Senators mull ideas on firearms

Colorado’s senators suggested a ban on military weapons Thursday as one way to discourage attacks such as the one that left 20 schoolchidren dead at an elementary school in New Jersey.

“There are legitimate questions about the effectiveness of a ban on military-grade weapons, but I believe that a multi-faceted approach, including a ban on such weapons, can be crafted that works for Colorado sportsmen, preserves our heritage, and can and will help save lives,” Sen. Mark Udall, D-Colo., said in a statement. “But the details matter, and I intend to work with law enforcement, sportsmen and anyone else who agrees that we must respect the Second Amendment while also keeping our children out of harm’s way.”

Udall and Sen. Michael Bennet, D-Colo., also called for expanded mental-health services, as they voiced support for bans on assault or military-grade firearms.

“The shooters in Aurora and Newtown should not have had access to the guns or magazines they used,” Bennet said in a statement, saying that the nation has a duty to mitigate the risk of violence to children.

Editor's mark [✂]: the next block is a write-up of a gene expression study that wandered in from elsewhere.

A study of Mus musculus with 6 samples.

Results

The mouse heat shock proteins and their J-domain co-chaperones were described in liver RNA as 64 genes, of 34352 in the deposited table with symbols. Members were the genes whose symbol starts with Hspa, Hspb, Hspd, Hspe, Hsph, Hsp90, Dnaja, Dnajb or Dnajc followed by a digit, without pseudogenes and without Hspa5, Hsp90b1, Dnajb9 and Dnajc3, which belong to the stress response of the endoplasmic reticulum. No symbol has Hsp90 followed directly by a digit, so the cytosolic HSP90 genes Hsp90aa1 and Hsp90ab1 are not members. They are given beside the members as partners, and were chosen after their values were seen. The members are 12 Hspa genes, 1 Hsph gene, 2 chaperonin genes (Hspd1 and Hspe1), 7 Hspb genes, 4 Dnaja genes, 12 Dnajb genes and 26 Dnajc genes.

James Holmes is alleged to have used an AR-15, or a civilian version of the military M-16, in the shootings at an Aurora movie theater this summer. Adam Lanza was armed with two handguns and a .223-caliber semiautomatic rifle last week in Connecticut.

“I believe a combination of improved access to mental-health services, restrictions on certain weapons intended for the battlefield, and elimination of the gun show loophole are sensible steps that can reduce our children’s risk,” Bennet said in a statement.

Udall praised President Barack Obama for his call for a broad range of recommendations “because no single policy is going to be adequate in preventing gun tragedies in the future,” Udall said.

Udall also called for requiring background checks for all gun purchases, an improved background-check system that includes state mental-health records and cracking down on straw purchases.